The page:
Expat Life

Things You Might Not Find in England

When you are studying abroad in the UK you usually don’t have to worry about any of these as most are provided by the University.  However, if you’re coming to the UK to settle then you need to really think about the following: How are you going to keep warm?  Where the f*&% are all your clothes going to go?

Maybe these problems were just applicable to me.  And it’s obvious by now I’m a weather snob.

Do not get angry when you can’t find the following things:

Flat Sheets- from my experience very, very few people have flat sheets.  This has included, Sam, his family, all 5 of my former housemates, their families, hotels, B&Bs, etc.  Basically no one.  You can buy flat sheets in home stores but they are ridiculously over-priced.  If you want one, bring it from home!

Comforters- You will rarely find a comforter in the UK. Instead it’s all about the duvet.  This isn’t a very important swap as they are quintessentially the same thing. I did spend I significant amount of time looking for one before I gave up and bought a duvet instead.

Closets- Most houses and apartments in London will not have closets as we think of them in America.  Most will have wardrobes instead. (From Ikea.) If you are extremely lucky, you will have a coat closet somewhere.  Your clothes will learn to live in drawers instead.  Your shoes will learn to live under the bed.

(This is for two people to share? Somebody pinch me.)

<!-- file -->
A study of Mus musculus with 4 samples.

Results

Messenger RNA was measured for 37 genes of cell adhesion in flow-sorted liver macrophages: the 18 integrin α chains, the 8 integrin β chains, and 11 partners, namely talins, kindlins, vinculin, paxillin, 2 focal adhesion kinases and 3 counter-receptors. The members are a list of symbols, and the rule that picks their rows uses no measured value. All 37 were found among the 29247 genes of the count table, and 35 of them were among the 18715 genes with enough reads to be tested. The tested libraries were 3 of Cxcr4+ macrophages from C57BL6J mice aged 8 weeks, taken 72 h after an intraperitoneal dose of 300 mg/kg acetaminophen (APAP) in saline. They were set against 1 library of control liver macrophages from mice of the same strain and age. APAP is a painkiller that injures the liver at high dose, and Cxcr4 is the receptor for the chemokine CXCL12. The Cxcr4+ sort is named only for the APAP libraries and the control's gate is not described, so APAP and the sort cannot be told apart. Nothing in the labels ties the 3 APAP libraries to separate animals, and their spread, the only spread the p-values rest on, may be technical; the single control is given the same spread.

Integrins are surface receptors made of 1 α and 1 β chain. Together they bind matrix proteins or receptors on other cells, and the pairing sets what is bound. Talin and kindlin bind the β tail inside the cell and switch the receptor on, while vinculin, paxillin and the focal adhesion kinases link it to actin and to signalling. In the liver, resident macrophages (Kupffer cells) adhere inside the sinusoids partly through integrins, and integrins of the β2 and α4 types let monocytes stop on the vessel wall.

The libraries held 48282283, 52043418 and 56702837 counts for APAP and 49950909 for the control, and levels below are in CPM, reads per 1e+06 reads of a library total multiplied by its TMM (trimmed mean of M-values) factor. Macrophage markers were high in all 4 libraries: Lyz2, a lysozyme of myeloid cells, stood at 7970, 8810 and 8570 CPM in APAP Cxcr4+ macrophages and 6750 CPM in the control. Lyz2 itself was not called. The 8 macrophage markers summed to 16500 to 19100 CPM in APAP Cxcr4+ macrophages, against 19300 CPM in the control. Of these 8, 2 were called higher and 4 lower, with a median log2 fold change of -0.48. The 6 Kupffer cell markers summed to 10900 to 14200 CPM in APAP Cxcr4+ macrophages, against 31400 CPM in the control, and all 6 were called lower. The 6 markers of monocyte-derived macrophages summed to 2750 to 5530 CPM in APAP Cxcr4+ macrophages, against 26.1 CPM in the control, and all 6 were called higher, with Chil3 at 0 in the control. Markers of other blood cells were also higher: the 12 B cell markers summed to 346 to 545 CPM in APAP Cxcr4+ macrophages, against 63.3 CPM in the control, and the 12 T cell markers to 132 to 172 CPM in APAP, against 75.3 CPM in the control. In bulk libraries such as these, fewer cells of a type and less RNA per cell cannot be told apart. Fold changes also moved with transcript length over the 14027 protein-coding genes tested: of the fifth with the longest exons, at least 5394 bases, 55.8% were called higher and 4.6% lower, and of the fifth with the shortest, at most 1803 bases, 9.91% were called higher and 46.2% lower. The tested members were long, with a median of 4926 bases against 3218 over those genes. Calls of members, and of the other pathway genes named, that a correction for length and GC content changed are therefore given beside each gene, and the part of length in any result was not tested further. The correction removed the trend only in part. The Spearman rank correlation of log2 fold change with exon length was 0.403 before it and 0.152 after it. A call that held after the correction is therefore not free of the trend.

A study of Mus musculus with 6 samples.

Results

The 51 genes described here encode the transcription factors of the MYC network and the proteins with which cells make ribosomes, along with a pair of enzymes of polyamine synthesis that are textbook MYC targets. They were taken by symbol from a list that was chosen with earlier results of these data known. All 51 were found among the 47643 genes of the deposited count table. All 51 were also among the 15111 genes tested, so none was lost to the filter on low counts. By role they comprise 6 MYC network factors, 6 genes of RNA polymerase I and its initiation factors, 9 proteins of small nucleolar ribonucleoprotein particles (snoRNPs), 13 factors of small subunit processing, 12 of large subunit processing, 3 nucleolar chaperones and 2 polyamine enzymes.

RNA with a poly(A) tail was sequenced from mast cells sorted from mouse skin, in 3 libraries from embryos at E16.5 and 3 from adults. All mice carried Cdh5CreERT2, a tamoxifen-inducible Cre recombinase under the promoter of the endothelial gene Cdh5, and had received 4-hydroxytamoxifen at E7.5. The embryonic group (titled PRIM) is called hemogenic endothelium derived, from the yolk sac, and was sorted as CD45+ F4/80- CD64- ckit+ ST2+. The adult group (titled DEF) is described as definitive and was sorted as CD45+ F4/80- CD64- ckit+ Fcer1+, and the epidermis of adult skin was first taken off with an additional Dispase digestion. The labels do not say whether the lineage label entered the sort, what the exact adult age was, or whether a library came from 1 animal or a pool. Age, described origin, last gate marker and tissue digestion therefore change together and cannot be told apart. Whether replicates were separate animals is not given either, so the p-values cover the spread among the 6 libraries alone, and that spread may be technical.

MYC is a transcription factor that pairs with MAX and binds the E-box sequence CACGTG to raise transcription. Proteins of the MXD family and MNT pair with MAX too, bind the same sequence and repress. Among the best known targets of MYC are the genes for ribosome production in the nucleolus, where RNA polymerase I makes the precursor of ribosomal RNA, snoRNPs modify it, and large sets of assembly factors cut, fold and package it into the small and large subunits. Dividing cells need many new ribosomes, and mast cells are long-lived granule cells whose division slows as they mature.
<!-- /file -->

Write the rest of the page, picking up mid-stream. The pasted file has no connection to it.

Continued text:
Radiators that work- Maybe I’ve just had bad luck with housing, but even in homes with double glazing the radiators do not seem to adequately heat the space.  I’m a lady that is accustom to central heating.  It’s the thing I miss most about my home in America- warm air blowing out of vents. In one house it got so cold that our olive oil FROZE in the kitchen overnight. (This is not typical* I hope!).  Things to invest in: A space heater, lots of hot water bottles, extra blankets, lots of sweaters and socks.

Sam is always saying, “It’ll be fine after I bleed the radiators.” He does so and that tends to make it approximately 1 degree warmer.

Separate dryers- I remember the good ‘ole days where my clothes would come out of the dryer fluffy, warm and soft.  Most people in the UK don’t own a dryer. Washing machines usually have a drying function but that doesn’t actually get your clothes dry.  Plus it takes about 5 hours and takes loads of electricity. So everyone hangs their clothes out to dry on drying racks instead.  Which is very nice and environmentally friendly but that also means in the middle of the cold, cold winter it may take 2 days for thick clothing like jeans to dry.  And fluffy towels? Forget about them. Learn to embrace feeling like you’re getting a full-body exfoliation whenever you dry yourself off.